Your average fangirl

A rights management agency by the name of BWP Media filed a lawsuit against Goodreads last week. This firm is alleging that by hosting a photo (that was uploaded by one of Goodreads users) Goodreads is a filthy stinking pirate. BWP Media is seeking $150,000 in damages in recompense for the career that has been ruined by that terrible, terrible act.

The photo in question shows Dalton Rappatoni, a member of the boy band IM5, and it was posted to a GR group by what was almost certainly a fan of the band. It's not clear why BWP Media chose to file a lawsuit rather than simply file a DMCA takedown notice, but it does raise questions about whether this is a legitimate case or an example of copyright trolling.

I have yet to hear back from Goodreads, but odds are this is a lawsuit that will go nowhere fast. This situation is clearly covered by the DMCA, meaning that Goodreads is almost certainly not liable for the possible infringement committed by a user. Just about the only way Goodreads might be liable is if they screwed up their DMCA notice process, and I seriously doubt that happened.

Curiously enough, I'm pretty sure the photo in question is still visible on Goodreads. It's one of a handful of photos that have been uploaded to an album.


image by 74louloute

About Nate Hoffelder (11117 Articles)
Nate Hoffelder is the founder and editor of The Digital Reader: "I've been into reading ebooks since forever, but I only got my first ereader in July 2007. Everything quickly spiraled out of control from there. Before I started this blog in January 2010 I covered ebooks, ebook readers, and digital publishing for about 2 years as a part of MobileRead Forums. It's a great community, and being a member is a joy. But I thought I could make something out of how I covered the news for MobileRead, so I started this blog."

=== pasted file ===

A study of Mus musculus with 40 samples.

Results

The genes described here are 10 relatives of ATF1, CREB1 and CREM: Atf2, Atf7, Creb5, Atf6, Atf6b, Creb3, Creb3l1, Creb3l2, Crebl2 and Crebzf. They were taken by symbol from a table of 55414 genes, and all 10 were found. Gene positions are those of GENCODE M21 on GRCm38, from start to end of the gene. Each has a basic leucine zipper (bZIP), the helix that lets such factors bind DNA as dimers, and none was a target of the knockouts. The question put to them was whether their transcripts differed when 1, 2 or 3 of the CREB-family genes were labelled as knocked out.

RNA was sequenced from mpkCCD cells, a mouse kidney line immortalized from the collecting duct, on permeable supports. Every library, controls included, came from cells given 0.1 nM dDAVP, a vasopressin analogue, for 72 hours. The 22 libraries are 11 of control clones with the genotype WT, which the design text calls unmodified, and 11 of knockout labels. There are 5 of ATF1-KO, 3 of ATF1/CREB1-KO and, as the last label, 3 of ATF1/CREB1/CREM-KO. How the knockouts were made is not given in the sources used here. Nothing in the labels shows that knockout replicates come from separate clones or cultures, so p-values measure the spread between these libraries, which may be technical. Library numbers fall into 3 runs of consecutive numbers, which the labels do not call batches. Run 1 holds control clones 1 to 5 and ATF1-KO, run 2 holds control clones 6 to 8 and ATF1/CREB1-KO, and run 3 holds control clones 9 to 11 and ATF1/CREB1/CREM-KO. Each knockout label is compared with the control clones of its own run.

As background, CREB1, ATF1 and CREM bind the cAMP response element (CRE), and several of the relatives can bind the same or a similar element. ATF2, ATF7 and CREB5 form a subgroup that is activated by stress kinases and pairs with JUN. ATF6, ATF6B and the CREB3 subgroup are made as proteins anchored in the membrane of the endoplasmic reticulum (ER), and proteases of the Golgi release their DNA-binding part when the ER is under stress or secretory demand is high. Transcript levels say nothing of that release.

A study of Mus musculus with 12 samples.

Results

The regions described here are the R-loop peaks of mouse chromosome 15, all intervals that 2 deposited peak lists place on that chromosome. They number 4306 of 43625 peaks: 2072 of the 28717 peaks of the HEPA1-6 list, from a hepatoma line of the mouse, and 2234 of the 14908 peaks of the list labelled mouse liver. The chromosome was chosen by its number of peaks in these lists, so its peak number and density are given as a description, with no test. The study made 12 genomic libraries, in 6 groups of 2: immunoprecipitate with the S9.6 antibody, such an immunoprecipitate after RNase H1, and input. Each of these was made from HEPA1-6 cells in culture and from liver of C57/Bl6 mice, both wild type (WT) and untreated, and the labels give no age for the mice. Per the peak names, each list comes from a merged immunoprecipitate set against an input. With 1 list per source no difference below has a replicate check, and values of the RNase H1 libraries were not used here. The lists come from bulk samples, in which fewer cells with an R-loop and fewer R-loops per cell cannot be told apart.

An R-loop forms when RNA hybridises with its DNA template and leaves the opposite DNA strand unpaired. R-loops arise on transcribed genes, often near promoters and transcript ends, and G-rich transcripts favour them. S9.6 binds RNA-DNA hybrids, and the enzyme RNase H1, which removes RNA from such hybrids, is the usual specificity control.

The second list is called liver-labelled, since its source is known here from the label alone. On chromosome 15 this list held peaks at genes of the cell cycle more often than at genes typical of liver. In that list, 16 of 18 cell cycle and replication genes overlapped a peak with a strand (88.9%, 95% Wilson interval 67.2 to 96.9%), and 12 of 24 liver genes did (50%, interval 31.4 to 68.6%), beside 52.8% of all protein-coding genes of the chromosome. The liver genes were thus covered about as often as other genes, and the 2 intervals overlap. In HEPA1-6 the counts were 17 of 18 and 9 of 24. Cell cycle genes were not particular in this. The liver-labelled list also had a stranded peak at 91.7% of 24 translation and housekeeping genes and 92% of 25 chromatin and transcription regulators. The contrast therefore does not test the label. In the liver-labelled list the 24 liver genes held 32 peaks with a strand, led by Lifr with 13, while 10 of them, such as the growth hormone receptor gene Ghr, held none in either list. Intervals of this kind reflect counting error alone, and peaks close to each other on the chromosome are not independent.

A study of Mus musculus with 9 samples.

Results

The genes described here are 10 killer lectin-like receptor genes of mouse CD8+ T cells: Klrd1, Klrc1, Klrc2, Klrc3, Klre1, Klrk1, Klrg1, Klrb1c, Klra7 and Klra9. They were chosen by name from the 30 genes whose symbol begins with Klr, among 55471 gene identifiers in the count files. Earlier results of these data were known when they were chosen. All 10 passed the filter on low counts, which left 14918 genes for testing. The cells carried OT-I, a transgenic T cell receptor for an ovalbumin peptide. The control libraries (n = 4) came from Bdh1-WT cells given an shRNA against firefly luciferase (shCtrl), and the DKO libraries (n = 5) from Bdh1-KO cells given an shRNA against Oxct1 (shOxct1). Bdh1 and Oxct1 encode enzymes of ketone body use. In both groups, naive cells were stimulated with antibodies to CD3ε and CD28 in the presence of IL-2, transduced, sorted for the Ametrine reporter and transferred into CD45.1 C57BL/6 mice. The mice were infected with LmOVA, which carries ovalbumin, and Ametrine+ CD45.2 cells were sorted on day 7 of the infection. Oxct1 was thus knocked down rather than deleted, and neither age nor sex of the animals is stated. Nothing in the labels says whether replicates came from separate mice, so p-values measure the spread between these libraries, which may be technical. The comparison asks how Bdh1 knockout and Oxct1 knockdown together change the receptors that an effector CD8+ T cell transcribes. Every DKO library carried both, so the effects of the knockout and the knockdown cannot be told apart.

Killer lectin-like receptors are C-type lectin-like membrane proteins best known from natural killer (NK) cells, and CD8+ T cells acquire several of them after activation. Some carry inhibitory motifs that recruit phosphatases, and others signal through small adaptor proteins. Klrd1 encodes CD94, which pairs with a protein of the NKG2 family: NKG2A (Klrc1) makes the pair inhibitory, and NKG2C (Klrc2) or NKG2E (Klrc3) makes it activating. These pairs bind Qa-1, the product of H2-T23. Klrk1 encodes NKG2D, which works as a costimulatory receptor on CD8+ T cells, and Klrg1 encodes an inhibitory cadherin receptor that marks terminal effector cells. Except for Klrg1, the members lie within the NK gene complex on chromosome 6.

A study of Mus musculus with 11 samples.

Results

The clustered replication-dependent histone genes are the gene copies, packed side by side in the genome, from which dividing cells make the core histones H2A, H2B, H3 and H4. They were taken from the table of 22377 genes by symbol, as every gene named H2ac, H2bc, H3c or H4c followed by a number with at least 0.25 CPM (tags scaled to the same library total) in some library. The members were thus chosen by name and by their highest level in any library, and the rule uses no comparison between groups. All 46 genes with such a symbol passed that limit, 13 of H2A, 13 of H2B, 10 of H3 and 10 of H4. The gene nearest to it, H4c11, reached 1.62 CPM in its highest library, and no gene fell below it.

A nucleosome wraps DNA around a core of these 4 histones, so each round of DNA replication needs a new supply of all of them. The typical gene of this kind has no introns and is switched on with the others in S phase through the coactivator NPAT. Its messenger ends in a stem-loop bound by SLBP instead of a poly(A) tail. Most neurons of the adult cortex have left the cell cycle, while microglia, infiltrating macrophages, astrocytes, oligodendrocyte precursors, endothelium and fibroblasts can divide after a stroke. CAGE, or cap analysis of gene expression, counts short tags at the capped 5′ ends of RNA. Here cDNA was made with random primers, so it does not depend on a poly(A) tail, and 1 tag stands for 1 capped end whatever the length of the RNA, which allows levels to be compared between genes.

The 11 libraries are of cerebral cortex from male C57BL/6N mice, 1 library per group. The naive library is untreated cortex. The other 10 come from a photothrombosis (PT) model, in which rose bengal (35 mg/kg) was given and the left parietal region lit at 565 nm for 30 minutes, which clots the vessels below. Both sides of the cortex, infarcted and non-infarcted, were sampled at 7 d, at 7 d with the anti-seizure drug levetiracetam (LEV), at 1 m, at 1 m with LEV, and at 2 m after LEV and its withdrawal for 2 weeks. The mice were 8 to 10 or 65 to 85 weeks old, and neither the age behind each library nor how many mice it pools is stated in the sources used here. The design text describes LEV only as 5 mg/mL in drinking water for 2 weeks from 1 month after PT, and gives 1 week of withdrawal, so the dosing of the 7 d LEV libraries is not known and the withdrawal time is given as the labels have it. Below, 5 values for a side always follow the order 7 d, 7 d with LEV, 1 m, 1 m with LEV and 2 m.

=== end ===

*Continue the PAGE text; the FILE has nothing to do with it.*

7 Comments on Goodreads Hit With Infringement Lawsuit Over a Photo Uploaded by a User

  1. Yes, someone’s career has definitely been ruined. Did you check the number of views of the photo? 60 when I looked at it a couple minutes ago. Hard to imagine how 60 views can ruin someone’s career, except perhaps as a commentary on the band’s popularity? 😉

    I bet your article alone doubles those views. I certainly wouldn’t have seen it otherwise.

  2. Reminds me of the time a few years ago a woman friend of mine put up a single, fun web page for her small child who loved Puff the Magic Dragon. The page contained images of Puff and a silly little .midi of the Puff song. The Peter, Paul, and Mary web-trolling Nazis found out, told the lawyers, and they threatened lawsuit. She took the page down. Ridiculous.

  3. Last I heard the “safe harbor” provisions of the DMCA protect website operators from liability as long as they honor takedown notices.
    (In this case, the material was posted at the direction of somebody other than Goodreads, which is one of the expicitly listed safe harbors (C).)

    So, unless Goodreads ignored a fully documented takedown notice, the suit is going to bounce like a bad check.

  4. They waited until the Amazon purchase was completed before filing.

  5. Badreads steals content. I have sent them two DMCA takedown notices and they refuse to remove my copyrighted content from their website. They claim “Fair Use”. How can it be fair use when the material is in a hostile environment where it is under attack and everyday it it posted there, against the my wishes as the copyright holder, causes damages to my reputation, career and livelihood?

  6. I read your comment over at PaidContent. You really don’t get what the DMCA is for, do you?

    People saying mean things about you is not the same thing as piracy.

  7. Banning someone who complaints about endless personal attacks and stalking, and then refusing to remove their intellectual property from the site has nothing to do with people saying mean things troll.